Google Inc (NASDAQ:GOOG) is huge. And it’s no news that it is getting bigger.
But keeping track of the company’s everyday innovations is still mesmerizing.
Google just announced that they are working on Spark, a new Web-based development tool. This could give us enough to talk about for a week. But novelties with Google never come alone. The company has also launched ‘Project Link’, an initiative to help increase global Internet access. This doesn’t mean that it’s leaving behind its old projects. Mozilla Firefox’s incomes keep increasing, and guess where its money is coming from?
Until now, Google Inc (NASDAQ:GOOG) didn’t seem to be focusing on programming tools. It was one area where native software was still dominant. This Google project, Spark, is about to change this.
Spark is a Web-based IDE (integrated development environment) that runs in a browser for developers writing Chrome apps. What’s a Chrome app? In short, it’s a Web app that runs on Chrome. This involves the advantage of Chrome abilities, such as Native Client, and be distributed through the Chrome Web Store.
What this means, among other things, is that Chromebook coders would have a way of being productive without having to move to a Microsoft Corporation (NASDAQ:MSFT) Windows, Apple Inc (NASDAQ:AAPL)’s Mac OS, or Linux box.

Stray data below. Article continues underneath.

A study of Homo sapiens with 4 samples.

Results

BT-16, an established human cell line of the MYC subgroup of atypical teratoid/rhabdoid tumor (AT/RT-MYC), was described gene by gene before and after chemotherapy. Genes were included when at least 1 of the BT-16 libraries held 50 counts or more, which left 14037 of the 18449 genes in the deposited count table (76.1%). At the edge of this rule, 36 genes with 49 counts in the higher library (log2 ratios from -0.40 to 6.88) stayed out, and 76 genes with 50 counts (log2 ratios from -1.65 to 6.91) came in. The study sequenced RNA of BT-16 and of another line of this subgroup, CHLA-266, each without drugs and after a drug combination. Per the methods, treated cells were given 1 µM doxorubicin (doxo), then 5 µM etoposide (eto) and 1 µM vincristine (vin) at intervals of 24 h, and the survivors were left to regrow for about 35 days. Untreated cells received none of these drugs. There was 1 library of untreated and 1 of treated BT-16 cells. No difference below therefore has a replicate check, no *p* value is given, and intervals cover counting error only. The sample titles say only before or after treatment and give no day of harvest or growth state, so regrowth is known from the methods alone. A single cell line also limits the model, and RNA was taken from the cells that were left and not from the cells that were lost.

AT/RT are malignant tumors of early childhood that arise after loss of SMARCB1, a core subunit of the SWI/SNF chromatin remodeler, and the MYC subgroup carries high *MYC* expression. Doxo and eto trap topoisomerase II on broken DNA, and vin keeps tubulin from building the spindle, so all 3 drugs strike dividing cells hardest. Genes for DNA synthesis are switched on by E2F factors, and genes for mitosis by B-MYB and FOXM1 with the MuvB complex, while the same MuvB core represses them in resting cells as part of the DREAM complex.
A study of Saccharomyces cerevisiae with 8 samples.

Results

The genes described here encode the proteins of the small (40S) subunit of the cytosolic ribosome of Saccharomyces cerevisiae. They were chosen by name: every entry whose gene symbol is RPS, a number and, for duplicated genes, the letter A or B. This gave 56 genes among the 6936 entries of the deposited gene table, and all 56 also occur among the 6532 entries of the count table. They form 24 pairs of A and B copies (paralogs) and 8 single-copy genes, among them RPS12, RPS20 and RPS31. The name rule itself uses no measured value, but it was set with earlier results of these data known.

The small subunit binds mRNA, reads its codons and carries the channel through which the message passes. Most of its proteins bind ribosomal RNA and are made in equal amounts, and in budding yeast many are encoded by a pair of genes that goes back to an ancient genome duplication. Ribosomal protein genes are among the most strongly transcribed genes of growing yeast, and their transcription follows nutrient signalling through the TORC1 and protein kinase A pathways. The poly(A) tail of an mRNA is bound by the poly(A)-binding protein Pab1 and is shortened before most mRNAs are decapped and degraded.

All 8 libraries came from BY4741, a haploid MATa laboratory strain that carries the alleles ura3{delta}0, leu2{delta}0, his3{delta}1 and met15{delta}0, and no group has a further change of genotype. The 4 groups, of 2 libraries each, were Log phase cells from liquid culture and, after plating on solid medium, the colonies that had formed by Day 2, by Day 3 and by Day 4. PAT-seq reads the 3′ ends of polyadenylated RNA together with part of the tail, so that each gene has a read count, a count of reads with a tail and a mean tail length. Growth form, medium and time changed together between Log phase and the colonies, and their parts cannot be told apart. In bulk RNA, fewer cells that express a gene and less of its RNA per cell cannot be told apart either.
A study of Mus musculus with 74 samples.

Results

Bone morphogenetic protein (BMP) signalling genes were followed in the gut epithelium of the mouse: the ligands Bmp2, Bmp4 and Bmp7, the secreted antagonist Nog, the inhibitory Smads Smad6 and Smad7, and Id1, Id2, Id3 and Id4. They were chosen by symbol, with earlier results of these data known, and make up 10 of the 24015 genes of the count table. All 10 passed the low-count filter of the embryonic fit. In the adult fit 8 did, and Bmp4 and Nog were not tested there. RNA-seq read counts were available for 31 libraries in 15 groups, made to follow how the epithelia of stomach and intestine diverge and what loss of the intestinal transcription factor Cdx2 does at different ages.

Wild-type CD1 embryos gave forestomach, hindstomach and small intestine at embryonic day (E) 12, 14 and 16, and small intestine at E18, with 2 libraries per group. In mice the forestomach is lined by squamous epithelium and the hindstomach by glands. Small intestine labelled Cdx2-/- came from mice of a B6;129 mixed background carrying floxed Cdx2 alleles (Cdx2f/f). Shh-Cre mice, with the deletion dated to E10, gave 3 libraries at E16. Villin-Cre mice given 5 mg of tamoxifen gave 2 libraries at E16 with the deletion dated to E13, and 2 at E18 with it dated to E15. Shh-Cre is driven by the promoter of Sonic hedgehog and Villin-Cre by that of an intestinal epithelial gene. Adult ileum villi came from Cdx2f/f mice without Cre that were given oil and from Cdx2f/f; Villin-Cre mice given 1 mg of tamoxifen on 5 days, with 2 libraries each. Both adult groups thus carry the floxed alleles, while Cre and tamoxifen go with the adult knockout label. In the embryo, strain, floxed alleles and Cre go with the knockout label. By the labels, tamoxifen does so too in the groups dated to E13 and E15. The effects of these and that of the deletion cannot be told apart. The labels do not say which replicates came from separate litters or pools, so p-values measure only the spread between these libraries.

Google Brings Internet to Developing Areas
Google Inc (NASDAQ:GOOG) will provide Internet to developing areas through the establishment of fiber-optic networks. Kampala and Uganda –where broadband access is still limited to pre-broadband speeds- will be the first to benefit from this initiative.
“By connecting Kampala to existing long-distance fiber lines, we can provide the city and the region with a foundation for growth as we help people get online” stated Google on the project’s website.
This is not the first plan Google had on this matter. Earlier this year, Google announced Project Loon, an Internet connection scheme that aimed to provide access to those in remote areas through using high-flying balloons. First piloted in the Canterbury area of New Zealand with 30 balloons in the air and 50 testers on the ground, the project gave people access to the Internet without the need for complex infrastructure.
As always, you can take this as a solidarity movement, or just as good business.
Also, Google is Pumping Money into Firefox
Something quite extraordinary has happened to Mozilla. Firefox’s maker’s revenue has almost doubled.
What’s so strange? Well, Mozilla is almost entirely reliant on Google Inc (NASDAQ:GOOG) for its income, although it competes with Chrome: 90% of Mozilla’s revenue comes from the income generated by Google referrals.
So why did Google’s payments to Mozilla increase so significantly? We can only guess. The most logical answer would be that Microsoft Corporation (NASDAQ:MSFT) put a much better offer on the table for Mozilla to switch its default search engine and homepage to Bing, and left the open-source browser maker in a much stronger bargaining position with Google.